Hey gang, Wes Schlag here with the Hustle, reporting on the biggest biz news of the day — and boy do I have some stories for you.
Like lots of sites on the internet, the music lyrics website Genius relies on Google for most of its web traffic. But the friend turned foe when Genius caught Google performing covers of their work and playing it off as if it were their own. Allow me to explain.
Genius suspected Google was stealing lyrics and displaying them on its own page. Per usual, Google denied any wrongdoing.
So Genius got creative and tried to catch them in the act. And it worked, thanks to Morse code, aka technology created in the 1830s.
Google played dumb and apologized, but this isn't the first instance of Google copying the competition. The search engine's goal is for users to never leave their site.
In other words, Google is purposely directing a smaller share of users to other sites during their search. And so far they've done a bang-up job.
In March, Google kept a whopping 62% of mobile searches from ever moving off of the search engine.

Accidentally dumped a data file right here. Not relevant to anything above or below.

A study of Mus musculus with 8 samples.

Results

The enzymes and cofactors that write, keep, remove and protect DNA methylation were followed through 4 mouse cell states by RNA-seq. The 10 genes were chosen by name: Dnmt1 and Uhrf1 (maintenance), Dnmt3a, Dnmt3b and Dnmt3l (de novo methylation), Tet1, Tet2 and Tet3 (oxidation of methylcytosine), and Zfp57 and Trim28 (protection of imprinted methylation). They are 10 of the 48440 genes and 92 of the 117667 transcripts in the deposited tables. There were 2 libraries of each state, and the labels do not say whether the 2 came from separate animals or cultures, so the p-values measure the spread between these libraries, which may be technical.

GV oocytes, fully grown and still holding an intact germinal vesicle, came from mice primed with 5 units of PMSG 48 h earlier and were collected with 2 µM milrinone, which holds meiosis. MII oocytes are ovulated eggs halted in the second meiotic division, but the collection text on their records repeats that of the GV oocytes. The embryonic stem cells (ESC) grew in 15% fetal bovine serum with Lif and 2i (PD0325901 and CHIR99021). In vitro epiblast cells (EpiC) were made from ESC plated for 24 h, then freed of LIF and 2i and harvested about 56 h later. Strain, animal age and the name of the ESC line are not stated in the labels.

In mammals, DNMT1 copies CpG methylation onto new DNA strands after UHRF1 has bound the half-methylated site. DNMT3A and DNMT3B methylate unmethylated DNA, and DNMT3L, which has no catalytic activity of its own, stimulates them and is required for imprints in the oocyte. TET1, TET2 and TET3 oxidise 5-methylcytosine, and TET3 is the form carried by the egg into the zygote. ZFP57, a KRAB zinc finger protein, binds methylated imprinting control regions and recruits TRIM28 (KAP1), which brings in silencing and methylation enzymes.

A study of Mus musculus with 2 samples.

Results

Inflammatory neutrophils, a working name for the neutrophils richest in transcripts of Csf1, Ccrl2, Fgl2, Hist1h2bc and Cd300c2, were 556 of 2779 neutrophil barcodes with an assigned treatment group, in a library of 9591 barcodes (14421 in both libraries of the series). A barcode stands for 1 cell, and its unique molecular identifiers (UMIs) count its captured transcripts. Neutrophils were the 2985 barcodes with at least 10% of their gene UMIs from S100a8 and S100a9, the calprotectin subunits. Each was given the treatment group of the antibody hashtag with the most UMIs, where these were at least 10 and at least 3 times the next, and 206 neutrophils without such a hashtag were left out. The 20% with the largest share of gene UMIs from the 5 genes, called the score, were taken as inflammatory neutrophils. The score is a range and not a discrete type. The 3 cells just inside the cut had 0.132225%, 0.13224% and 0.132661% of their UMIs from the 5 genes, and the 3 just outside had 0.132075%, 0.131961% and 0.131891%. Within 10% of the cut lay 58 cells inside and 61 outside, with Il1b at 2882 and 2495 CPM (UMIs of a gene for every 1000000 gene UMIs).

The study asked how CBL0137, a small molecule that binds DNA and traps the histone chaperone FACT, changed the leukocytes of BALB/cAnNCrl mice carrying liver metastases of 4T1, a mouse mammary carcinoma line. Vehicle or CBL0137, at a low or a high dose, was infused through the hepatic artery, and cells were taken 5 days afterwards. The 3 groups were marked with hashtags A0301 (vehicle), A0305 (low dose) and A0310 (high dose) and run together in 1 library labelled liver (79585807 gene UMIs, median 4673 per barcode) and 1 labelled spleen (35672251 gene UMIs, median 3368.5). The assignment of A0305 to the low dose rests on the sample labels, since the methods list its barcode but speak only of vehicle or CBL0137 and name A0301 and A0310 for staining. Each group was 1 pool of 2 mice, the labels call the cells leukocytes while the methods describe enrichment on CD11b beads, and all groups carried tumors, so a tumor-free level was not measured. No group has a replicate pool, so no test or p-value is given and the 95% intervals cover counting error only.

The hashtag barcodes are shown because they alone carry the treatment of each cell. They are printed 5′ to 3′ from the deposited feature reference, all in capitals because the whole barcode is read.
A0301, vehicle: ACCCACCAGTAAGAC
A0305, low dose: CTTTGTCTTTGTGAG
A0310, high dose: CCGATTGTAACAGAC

Of course, when you own the house that nearly every website lives in, it's a pretty easy game to play.
Moving on to the future of mental health. Startups that make AI-powered digital "mental health assistants" are on the rise, and they're coming for your feelings.
On Tuesday, Youper, a startup that makes therapy bots, raised $3 million in seed funding. Youper already has 1 million users and believes wholeheartedly in the accessibility that psycho-babble-bots bring to the table compared to human therapists.
But, of course, when it comes to the nitty gritty of mental health, many specialists are wary of just how deep robo-shrinks are able to go. Imagine that.
But, companies like Youper have a strong argument. Youper's co-founder told Techcrunch it takes 10 years on average for someone in need to talk to a health provider.
The goal of Youper and other AI chatbots is to get that number down to 10 minutes.
Next, the 275-year-old auction house Sotheby's just sold off its priciest collector's item yet: itself.
The company that specializes in auctioning off some of the world's priciest art and other collectibles recently sold for $3.7 billion — a 61% premium on its public price — to French-Israeli tycoon Patrick Drahi.
Now, Drahi is competing against Sotheby's arch nemesis Christie's — also owned by a French billionaire art collector.
Together Sotheby's and Christie's dominate the market. The two auction houses sell more than 80% of the world's $1 million+ auction items.
But in the last several years, Christie's has outsold Sotheby's by about $600 million, which to competing billionaires is nothing more than a drop in the bucket.
And that does it for today, folks. Be sure to tune in to Newsy next Tuesday at 1 p.m. Eastern for more of the Hustle Rundown, and make sure to sign up for the Hustle newsletter @thehustle.co for your daily dose of stories exactly like these.